Clinical Quiz

Fitzgerald, Joseph F. NASPGHAN Clinical Quiz Editor; Troncone, Riccardo ESPGHAN Clinical Quiz Editor; Savino, Francesco; Maccario, Stefano; Migliore, Giuseppina; Oggero, Roberto; Silvestro, LeandraContributors


On arrival, the infant, the first child of an Italian nonconsanguineous couple and born at term after a noncomplicated pregnancy, was described as irritable. Physical examination showed a pale, cyanotic, and mottled baby. Local emergency room staff noted that the infant was dehydrated, dusky, and cold to the touch. Her temperature was 90°F and her oxygen saturation remained in the low 80s while on 100% oxygen by nasal cannula. The infant had tachycardia (between 150 and 195 beats/min) and tachypnea (60 breaths/min). On auscultation, pulmonary findings were normal. Abdominal examination showed no hepatomegaly, splenomegaly, or tenderness. Neurologic examination did not reveal any deficiency, and the bregmatic fontanel was normal.

The infant's weight was 4,720 g (10–25th percentile), length was 54 cm (10–25th percentile), and head circumference 39 cm (10–25th percentile). The growth charts show no failure to thrive. Laboratory tests showed increased leukocytes, normal platelet count, and normal concentrations of hemoglobin and hematocrit. An important finding was significant methemoglobinemia (30.4%) and profound hypoxia (20.4 mm Hg). Radiography and electrocardiography findings were normal.

According to her parents, the infant's skin color had become “grey” and she had been particularly irritable for a couple of weeks. For the first 2 weeks of life, the child was exclusively breast-fed. She was then artificially fed because breast milk was not available. The parents reported that at 4 weeks of age, the baby experienced constipation. A pediatrician whom they consulted suggested a conventional, adapted milk formula reconstituted with courgette soup (120 mL for six meals).

What is the diagnosis?

1. Eisenmenger syndrome

2. Blue baby syndrome

3. Ebstein anomaly

4. Deficit of very long-chain acyl dehydrogenase

5. Sepsis

6. Carbon monoxide intoxication


Blue baby syndrome. When a cardiorespiratory problem had been excluded, intoxication was suspected. The parents reported that the child was fed formula reconstituted with courgette soup to resolve constipation. In fact, the available data supported the final diagnosis of infant methemoglobinemia caused by the ingestion of concentrated vegetable soup (blue baby syndrome). Treatment with 0.1 mL/kg 1% methylene blue and 1 g vitamin C soon resolved the symptoms.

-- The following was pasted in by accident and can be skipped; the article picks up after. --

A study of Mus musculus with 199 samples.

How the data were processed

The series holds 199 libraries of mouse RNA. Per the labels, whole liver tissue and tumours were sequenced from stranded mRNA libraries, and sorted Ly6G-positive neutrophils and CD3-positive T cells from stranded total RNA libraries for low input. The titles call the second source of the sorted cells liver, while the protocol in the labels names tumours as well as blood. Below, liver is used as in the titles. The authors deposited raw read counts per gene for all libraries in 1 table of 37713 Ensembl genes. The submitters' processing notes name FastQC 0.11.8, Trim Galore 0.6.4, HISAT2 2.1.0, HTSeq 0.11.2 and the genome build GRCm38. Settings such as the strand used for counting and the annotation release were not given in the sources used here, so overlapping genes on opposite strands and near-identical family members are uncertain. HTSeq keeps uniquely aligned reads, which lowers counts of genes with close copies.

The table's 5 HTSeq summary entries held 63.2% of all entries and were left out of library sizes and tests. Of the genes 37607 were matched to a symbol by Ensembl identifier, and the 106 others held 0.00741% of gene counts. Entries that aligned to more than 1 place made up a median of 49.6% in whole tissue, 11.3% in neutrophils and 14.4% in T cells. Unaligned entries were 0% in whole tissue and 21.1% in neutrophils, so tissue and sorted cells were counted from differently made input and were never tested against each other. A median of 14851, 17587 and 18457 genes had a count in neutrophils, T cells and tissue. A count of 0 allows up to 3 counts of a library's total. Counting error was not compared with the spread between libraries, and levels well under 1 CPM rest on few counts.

Accumulation of methemoglobin in red cells can occur for three reasons: 1) a dominantly inherited abnormality in hemoglobin that prevents the reduction of methemoglobin to hemoglobin; 2) a recessively inherited deficiency in the enzyme methemoglobin reductase; or 3) exposure to hemoglobin-oxidizing chemicals or drugs, such as nitrates or nitrites contained in water and in some vegetables (such as carrots, spinach, courgette, cauliflower, red beets), Xylocaine, or benzene derivatives.

Blue baby syndrome, known as infant methemoglobinemia, is not an infrequent condition. Infants younger than 6 months of age are particularly susceptible to methemoglobinemia because they have smaller amounts of a key enzyme, NADH-cytochrome b5 reductase, which converts methemoglobin back to hemoglobin (2). For more than 40 years, nitrates in drinking water have been believed to be a primary cause of infantile methemoglobinemia. Nonetheless (3–5), some cases of infantile methemoglobinemia have involved infants who became ill after being fed formula that was reconstituted with vegetable soup and nitrate-free water. Our case suggests not feeding infants with increased amounts of vegetable foods, such as carrots, courgette, spinach, red beets, and cauliflower, to resolve constipation, because doing so may be a risk factor, particularly in the first months of life, for severe methemoglobinemia (1,6).


1. Comly HH. Cyanosis in infants caused by nitrates in well water. JAMA 1945; 129:112–6.
2. Lukes JN. The legacy of well-water methemoglobinemia. JAMA 1987; 257:2793–5.
3. Avery AA. Infantile methemoglobinemia: reexamining the role of drinking water nitrates. Environ Health Perspect 1999; 107:583–6.
4. Keating JP, Lell ME, Strauss AW, et al. Infantile methemoglobinemia caused by carrot juice. N Engl J Med 1973; 288:824–6.
5. Sanchez-Echaniz J, Benito-Fernandez J, Mintigui-Raso S. Methemoglobinemia and consumption of vegetables in infants. Pediatrics 2001; 107:1024–8.
6. Knobeloch L, Salna B, Hogan A, et al. Blue babies and nitrate-contaminated well water. Environ Health Perspect 2000; 108:675–8.
© 2002 Lippincott Williams & Wilkins, Inc.